Michigan should be doubling down on pro-growth policies like right to work, not rolling back the progress we’ve made. And if repeal succeeds, it will surely provoke a strong response. Michigan businesses and families will push for a ballot initiative to bring back right to work. Given how overwhelmingly popular the law is, our politicians should be worried about wasting time on an ultimately doomed effort.

What’s happening in Michigan is the direct result of the November elections. Democrats won control of the legislature for the first time in nearly four decades, and with Democratic Gov. Gretchen Whitmer also winning re-election, they immediately made clear their intention to get rid of right to work – despite hardly mentioning it in their campaigns. 

MI Gov. Whitmer

Michigan Gov. Gretchen Whitmer delivers her State of the State address to a joint session of the House and Senate, Wednesday, Jan. 25, 2023, at the state Capitol in Lansing, Mich. (AP Photo/Al Goldis)

This law, enacted in 2012, gives workers the freedom to decide for themselves whether to join a union and pay dues. Unions are free to make their case, and workers are free to make their choice.


The House’s vote would flip the script, eliminating worker freedom while enshrining union power in law. The Senate will take up repeal soon, and Gov. Whitmer will sign it if it reaches her desk, making Michigan the first state to repeal right to work since the 1960s. Yet politicians are ignoring the serious damage this will do Michigan’s economic comeback.

I can attest that right to work is one of the biggest factors when a company is deciding whether to expand or locate somewhere. It’s often the gateway – the opening that businesses look for first, before considering other factors like taxes, regulation, and cost of living. If the gateway is closed, then companies are much less likely to keep considering the state.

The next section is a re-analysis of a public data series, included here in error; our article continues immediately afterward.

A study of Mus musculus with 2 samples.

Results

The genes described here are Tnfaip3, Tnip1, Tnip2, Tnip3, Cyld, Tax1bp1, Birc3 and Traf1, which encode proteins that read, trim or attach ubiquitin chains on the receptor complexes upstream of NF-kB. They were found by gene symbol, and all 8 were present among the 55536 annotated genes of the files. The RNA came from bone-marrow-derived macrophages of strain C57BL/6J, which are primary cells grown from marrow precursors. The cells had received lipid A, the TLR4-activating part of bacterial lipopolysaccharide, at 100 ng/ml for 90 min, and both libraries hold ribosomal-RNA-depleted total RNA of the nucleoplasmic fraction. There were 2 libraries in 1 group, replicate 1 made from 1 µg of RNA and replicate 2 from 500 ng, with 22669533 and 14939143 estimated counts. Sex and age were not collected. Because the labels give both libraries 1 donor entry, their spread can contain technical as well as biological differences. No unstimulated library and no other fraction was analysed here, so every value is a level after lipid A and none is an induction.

For Michigan, right to work has been the cornerstone of our economic development plan, and it came with the promise that we could become a top 10 state. It sent a message that we wanted to compete – and win – after decades of losing out to pretty much everyone, including Indiana, Wisconsin, Kentucky, and Tennessee.

The evidence in favor of right to work has long been clear. Going back years, right-to-work states have seen faster job growth, faster income growth, and faster population growth. That’s exactly what Michigan needed when right-to-work passed, and we’ve since moved past non-right-to-work states in many key economic and quality-of-life indicators since then, from rising incomes to falling unemployment and poverty. Research even shows that Michigan has many more manufacturing jobs now than we would have had without this law.


These economic facts prove Michigan was right to go right to work in the first place. They also remind us why Michiganders broadly support this common-sense law. 

In 2012, just one month before this law passed, voters broadly rejected a ban on right to work by a 15-point margin. Clearly, our state’s citizens wanted to move toward worker freedom and the economic growth such freedom brings. They got their wish when right to work became law.

Have Michiganders changed their minds in the past decade? Hardly. In the last few months, poll after poll shows that support for right to work has grown since 2012. Even most Democrats and people in union households support the law. This makes sense: Right to work forces unions to provide the best possible value to their members, who have the freedom to walk away if the dues aren’t worth it. Repeal would revoke that freedom, and with it, unions’ incentive to work hard for workers’ money.


This enduring and growing support for right to work should give the Senate pause before taking up the repeal passed by the House. If lawmakers move forward, they will be effectively saying they want our state to move backward, away from worker freedom and being a top-10 state. Surely, Michigan families will want a say in whether our state declines, which is why a ballot initiative is now on the table. 

Someone has to fight for our state, and if our legislators and governor won’t, the people of Michigan will.